Review: Elves series by James Barclay


  • Once Walked With Gods
  • Rise of the TaiGethen
  • Beyond the Mists of Katura

These books are prequels to The Chronicles of The Raven and the Legends of The Raven series that I’ve come to know and love. I didn’t know what expect from the Elves series, mainly because the Elven nation and their beliefs only came into play around Barclay’s Elfsorrow, but I surely wasn’t expecting this.

Plot:

The Elves have been living peacefully on Calaius ever since they’ve escaped the murderous hands of the Garonin many centuries ago in their previous dimension. But underneath the peace and harmony, dissent is growing between the various threads. All hell breaks loose after the Ynissul – the only thread blessed with real immortality – decides to invite humans from Balaia over to help them gain control over the other threads and put them once again in a place of power, which some consider their rightful place. Unfortunately the humans have other plans.

In what becomes a fight for their lives against the humans and those mages Barclay fans will recognize as the Wesmen’s Wytch Lords of old, and which spills over from Calaius to Balaia when the four newly-emerged Colleges fight amongst themselves for the destructive spell Dawnthief, two heroes emerge. Takaar, the one who saved the Elves from the invading Garonin and Father of the Harmony, whose mind has gone, driving him to madness but also opening him up to the beckoning of magic. And Auum, Arch of the TaiGethen, who will face everything with the quickness of his mind and the sureness of his limbs.

Opinion:

Oh my God. Oh my God. When I started the Elves series I had no idea how many feelings these books would elicit from me. Curiosity, anger, sadness, merriment, astonishment and a deep sense of being pulled in deeper and deeper into what it means to be an Elf.

I was pleasantly surprised by the appearance of Auum and him having such a big role to play, mainly because the TaiGethen and their battle skills had already enchanted me when he appeared in the Raven books. Evunn and Duele emerge in the third book, though they are not yet part of his cell. Though he has them pegged to make up his cell by the end of the book and it’s nice to see their dynamic – especially because they are much younger than he is. His foray into love and then having his love taken away from him, not but humans but by other Elves, it just broke my heart to see Auum like that. It certainly upped my esteem for him and the things he did for the Raven, considering his brushes with humans.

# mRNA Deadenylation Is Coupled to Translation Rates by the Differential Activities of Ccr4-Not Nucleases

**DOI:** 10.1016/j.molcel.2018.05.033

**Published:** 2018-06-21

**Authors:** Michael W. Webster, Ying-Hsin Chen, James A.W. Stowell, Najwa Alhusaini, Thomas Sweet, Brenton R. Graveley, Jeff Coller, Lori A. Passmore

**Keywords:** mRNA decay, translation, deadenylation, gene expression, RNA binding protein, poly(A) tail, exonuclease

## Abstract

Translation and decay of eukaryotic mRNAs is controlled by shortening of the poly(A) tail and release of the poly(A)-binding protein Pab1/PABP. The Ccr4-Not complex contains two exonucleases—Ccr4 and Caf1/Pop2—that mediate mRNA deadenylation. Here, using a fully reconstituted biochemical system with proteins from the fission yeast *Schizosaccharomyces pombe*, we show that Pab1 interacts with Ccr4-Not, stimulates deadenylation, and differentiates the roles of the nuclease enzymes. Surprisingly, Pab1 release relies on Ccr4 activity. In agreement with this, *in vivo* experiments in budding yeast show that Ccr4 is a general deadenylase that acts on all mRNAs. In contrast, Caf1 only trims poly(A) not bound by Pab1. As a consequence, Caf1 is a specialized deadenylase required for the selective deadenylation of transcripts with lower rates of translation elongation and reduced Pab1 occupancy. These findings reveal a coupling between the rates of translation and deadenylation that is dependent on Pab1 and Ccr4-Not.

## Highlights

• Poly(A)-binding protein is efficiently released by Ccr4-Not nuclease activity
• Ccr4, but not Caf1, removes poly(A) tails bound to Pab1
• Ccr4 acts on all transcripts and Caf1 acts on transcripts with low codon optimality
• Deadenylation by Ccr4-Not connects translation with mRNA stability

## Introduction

Takaar also was an interesting character and his derailment into madness after having to leave thousands of Elves behind to get slaughtered by the Garonin before landing on Calaius was both very entertaining and very painful. He speaks to someone he calls his tormentor, which is actually just himself, leading him to have many conversations with his other self in front of others. His guilt and his pain prevent him from forgiving himself, only pushing him to somehow redeeming himself in the eyes of the other Elves and his tormentor. He is the forefather of Elven magic, also named Il-Aryn which is basically the One magic we see in Nightchild. But his natural curiosity and his enormous ego hold him back from his true purpose and his dislike of Auum fuels some very bad decisions.

The four practitioners of the One magic we see in the Raven books, also appear in the last book which made me very happy. I only got to know them as old Elves close to death and now I got to see at least one of them as a young woman – maybe even a girl because it’s never stated how young they were – and beginning to understand the Il-Aryn. Kerela’s ascension to High Mage was great to witness as well.

Overall this series is a great addition to the ‘lore’ of Balaia and Calaius and shows exactly how certain events occurred which were only hinted at in the Raven series. It also shows me that Ilkar wasn’t the only Elf with a great sense of humour. It also gives a broader scope when it comes to the beginnings of the Colleges and the evil that is Xetesk. I’m pretty sure only a few good people ever came from Xetesk.

Learning about how the TaiGethen evolved, how the Clawbound were born, the Al-Arynaar’s status as police, that there were other kinds of warriors – namely the Senserii – in the Elven world was so very thrilling. I hope James Barclay will write a novel about the very first fight with the Garonin and explain more about those enemies as well.

James Barclay has created another three masterpieces and I’m glad I’ve read them even though I’ve shed a great amount of tears for the fallen.

Rating:

10/10 hands down!


  1. This book is, from one way of looking at it, one extended running fight scene. Auum leads his TaiGethen in attempting to halt the oncoming mass of humans, and much blood is spilled; elf and man alike. But there are many more men than there are elves, and each elvish life is precious. You can feel the pressure building as the pages turn. Each step the humans take is a step closer to elvish extermination. The losses are catastrophic, bloody, and at times utterly heart wrenching. I mentioned on Twitter halfway through this book that Barclay has made me cry more than any author out there. Same goes for this book. I am inherently devoted to the elves, their lives and their way of life, and whenever something goes wrong for them, I hurt.